Arnie WeissmannI recently saw a guest list for an industry event where some attendees were tagged as VIP. More were listed as MIP. I knew, of course, that VIP stands for Very Important Person but wondered if the others were Merely Important People.

But, no, it turns out that MIP stands for Most Important Person and is actually a higher designation than VIP. That there were more MIPs than VIPs speaks to a serious form of inflation that needs to be addressed: Star inflation.

Its not that everyones a star -- these days, everyones three stars, if not three stars-plus (a description a cruise-line exec recently used to describe one of his ships).

When most of us grew up, the ultimate in lodging was a four-star property. Some hotels have now begun to describe themselves as six stars, and I recently heard a hotelier claim seven. I have no doubt well see 10 stars in my lifetime, but for now, six seems to have gained acceptance as the upper limit by a significant number of hoteliers.

Those who believe that we live in a six-star universe would likely agree that, for example, New Yorks Waldorf-Astoria should belong in that designation.

The problem with star inflation, however, is that the addition of extra stars is not necessarily a reflection of improvement. Is the Waldorf, as a six-star hotel, 50% better than when it had only four stars?

I know a thing or two about the difficulty of classifying hotels. For a period, I was head of a group of publications that included Star Service and the Official Hotel Guide (OHG).

The former, which provides critical reviews of hotels (, assigned a maximum of four stars to properties but over the years added a Superstar designation to indicate a truly exceptional property.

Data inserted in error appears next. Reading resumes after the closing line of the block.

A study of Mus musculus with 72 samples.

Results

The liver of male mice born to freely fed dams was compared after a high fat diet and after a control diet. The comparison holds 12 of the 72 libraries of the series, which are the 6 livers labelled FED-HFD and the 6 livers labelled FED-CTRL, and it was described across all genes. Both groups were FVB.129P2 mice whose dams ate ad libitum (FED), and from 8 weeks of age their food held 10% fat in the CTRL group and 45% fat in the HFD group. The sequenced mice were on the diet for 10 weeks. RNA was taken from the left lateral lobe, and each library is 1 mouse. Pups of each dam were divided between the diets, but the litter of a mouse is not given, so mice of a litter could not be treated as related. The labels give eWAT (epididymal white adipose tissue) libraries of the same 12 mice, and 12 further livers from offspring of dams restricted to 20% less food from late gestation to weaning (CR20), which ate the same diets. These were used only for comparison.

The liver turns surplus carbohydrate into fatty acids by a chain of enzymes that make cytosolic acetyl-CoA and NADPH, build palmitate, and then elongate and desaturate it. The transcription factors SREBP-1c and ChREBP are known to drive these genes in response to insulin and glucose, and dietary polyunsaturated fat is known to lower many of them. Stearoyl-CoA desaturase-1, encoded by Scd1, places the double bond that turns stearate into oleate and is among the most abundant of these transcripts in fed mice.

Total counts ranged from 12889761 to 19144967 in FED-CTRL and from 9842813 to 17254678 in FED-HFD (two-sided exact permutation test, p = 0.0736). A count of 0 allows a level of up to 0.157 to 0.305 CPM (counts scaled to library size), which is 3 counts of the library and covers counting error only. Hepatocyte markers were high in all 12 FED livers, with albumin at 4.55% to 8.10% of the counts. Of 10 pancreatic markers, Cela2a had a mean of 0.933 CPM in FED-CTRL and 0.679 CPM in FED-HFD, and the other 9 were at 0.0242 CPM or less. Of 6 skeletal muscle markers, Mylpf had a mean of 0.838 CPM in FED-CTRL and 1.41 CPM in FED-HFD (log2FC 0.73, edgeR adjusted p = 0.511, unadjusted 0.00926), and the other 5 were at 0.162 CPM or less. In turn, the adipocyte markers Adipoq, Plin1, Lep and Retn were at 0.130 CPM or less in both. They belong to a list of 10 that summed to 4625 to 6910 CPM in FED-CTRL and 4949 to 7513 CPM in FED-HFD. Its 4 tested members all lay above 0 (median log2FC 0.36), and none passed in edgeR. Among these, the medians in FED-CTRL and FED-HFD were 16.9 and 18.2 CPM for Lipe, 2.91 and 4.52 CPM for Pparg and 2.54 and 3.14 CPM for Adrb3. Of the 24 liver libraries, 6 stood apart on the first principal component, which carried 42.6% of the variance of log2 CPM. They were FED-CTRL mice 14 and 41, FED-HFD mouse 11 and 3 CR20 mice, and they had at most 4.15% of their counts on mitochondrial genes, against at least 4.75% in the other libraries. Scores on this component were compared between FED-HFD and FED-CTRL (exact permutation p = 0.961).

OHG had an unbiased, 10-level classification system that ran from tourist class to superior deluxe. (While OHG no longer exists, these ratings now have been incorporated into Hotel and Travel Index and Official Hotel Guide Worldwide.)

In addition, the same parent company published the OAG Business Travel Planner, which, using a computer algorithm, assigned hotels one to five crowns. (Its now an online service at

I cant tell you how many hours were spent discussing ways to try to bring specific criteria to the ratings. The problem was that we always found an exception to every rule we tried to create. Should a Star Service four-star property or OHG superior deluxe hotel, for instance, be required to have a swimming pool?

If so, the Waldorf -- and virtually every other great hotel in New York -- would be excluded from the top designations. There were too many apples mixed in with the oranges for any comparisons to be meaningful.

There are two basic underlying causes of star inflation. The first is the rise of mass affluence and concurrent growth of mass-market properties that may not be opulent but contain enough elements of luxury to lay claim to being a luxury experience. This, not surprisingly, led to the creation of the adjective ultraluxury, which really designates complete luxury. Im not sure where it can go from here -- hyperluxury?

The second problem is lack of consistency in ratings, compounded by the fact that the majority of ratings are self-assigned, or assigned by a stupefying range of self-credentialed authorities.

Ratings are by nature subjective, but in this era of ubiquitous luxury, my preference would be to see something along the lines of Michelin restaurant ratings come into play for hotels.

Michelin has, to my knowledge, never been tempted to assign more than three stars as its top designation. To receive one star results in a celebration, issuance of a press release and, for the chef, job security, a contract to write a cookbook ... and instant status as an MIP.

In this instance, a star is born, not inflated.